So I guess sonographers not trained by Zamboni can't detect Budd-Chiari or May-Thurner? I've linked to studies about detecting jugular thrombosis before and before Zamboni those sonographers seemed to have no trouble detecting an occlusion. What makes this different?
Hi Concerned, I think you like to debate!
As far as I know, sonographers who detect Budd-Chiari and May-Thurner have been trained in how to detect Budd-Chiari and May-Thurner. Despite some similarities, those are different viens in different locations with different issues.
Its very hard for me to understand why others can't accept that finding a particular condition, in this case a very complex condition involving veins that change dimension depending on the patient's position, as well as have a wide variety of issues, such as malformed valves, stenoses, webs, septums, reflux, etc, would not require specialized training to detect.
I pretty much take Dr. Sclafani's at his word when he says that his sonographer who is an expert sonographer, had difficulty finding CCSVI until he went through the training, and now he finds it quite readily. This is no different than learning any other new skill. It is not a sign that the condition is imaginary. Its a sign that its a specific learned skill.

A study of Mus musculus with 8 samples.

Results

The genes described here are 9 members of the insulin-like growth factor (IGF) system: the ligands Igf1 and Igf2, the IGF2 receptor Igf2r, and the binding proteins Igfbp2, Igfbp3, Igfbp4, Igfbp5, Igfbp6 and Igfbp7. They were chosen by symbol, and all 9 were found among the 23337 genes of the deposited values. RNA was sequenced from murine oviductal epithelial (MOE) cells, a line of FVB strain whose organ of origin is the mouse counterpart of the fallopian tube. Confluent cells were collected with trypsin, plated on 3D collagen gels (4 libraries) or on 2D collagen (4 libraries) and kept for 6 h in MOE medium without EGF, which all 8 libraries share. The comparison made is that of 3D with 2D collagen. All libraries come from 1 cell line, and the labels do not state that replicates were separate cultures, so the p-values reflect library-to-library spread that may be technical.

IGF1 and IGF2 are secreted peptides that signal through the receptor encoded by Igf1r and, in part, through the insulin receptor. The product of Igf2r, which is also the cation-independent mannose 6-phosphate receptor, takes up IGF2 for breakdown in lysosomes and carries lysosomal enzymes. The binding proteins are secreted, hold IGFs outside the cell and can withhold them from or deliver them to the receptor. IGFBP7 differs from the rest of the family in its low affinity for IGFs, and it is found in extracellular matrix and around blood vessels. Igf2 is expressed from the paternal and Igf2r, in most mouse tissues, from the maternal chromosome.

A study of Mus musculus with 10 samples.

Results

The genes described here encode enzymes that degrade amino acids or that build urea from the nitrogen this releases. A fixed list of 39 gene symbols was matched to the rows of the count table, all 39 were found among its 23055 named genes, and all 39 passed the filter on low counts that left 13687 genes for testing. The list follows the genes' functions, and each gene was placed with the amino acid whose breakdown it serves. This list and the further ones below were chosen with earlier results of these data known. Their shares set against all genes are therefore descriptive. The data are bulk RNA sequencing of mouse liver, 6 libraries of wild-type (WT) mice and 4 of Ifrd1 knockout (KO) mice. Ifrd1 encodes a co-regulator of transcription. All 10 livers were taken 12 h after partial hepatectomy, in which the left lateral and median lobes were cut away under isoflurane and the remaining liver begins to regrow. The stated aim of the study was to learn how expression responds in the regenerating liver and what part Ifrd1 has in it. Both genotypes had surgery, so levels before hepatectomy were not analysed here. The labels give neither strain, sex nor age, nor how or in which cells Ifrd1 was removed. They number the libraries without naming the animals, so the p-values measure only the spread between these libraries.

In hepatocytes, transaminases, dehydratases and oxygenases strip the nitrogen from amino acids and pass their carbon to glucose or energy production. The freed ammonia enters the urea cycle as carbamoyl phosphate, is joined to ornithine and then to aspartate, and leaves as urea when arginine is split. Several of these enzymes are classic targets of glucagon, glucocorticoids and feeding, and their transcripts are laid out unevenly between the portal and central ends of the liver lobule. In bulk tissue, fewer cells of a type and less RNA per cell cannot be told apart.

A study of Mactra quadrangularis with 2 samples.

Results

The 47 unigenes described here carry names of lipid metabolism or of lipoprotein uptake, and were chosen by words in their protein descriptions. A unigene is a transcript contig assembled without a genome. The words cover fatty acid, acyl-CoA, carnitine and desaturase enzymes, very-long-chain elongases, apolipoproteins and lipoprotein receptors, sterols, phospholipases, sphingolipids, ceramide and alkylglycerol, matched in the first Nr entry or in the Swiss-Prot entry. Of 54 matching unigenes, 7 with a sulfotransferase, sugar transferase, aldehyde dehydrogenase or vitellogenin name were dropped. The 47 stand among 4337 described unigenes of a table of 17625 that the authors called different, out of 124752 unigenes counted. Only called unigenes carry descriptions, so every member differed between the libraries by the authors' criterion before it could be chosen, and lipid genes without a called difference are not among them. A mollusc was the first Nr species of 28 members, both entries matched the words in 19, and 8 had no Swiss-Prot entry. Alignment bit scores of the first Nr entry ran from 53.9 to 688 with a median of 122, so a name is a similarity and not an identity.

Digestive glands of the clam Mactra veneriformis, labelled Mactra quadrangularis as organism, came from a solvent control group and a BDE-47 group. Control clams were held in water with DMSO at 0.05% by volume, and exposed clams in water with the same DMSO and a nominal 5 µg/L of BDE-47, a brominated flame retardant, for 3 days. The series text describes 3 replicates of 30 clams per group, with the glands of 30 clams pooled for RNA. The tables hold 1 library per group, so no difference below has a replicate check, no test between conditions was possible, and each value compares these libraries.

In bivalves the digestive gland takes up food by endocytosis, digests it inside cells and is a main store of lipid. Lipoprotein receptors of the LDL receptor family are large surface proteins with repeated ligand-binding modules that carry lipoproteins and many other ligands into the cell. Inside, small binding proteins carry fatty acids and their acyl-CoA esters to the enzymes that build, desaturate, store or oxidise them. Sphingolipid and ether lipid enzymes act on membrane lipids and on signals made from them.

What we really need in order to be able to determine to everyone's satisfaction if CCSVI is real, is a study where the sonographers have recieved extensive training from Dr. Zamboni, and THEN have the sonographers test a number of patients in a double blind fashion, where half have MS and half do not, and see what they find.
I'm not opposed to skepticism, it can be healthy. But in order to get past the skepticism, to determine whether Dr. Zamboni's protocol is or is not effective, one must use that protocol, test that protocol. In order to test the protocol, you have to train the sonographers in the protocol.
By the way, I remember reading in Dr. Sclafani's thread that thrombosis of the IJV'is very easily found with standard ultrasound, it does not require additional or specialized training beyond what sonographers learn in sonography school. Some techniques just are simpler, others are more subtle and complex, requiring more training.
I think its a little like learning to play chopsticks versus a sonata on the piano.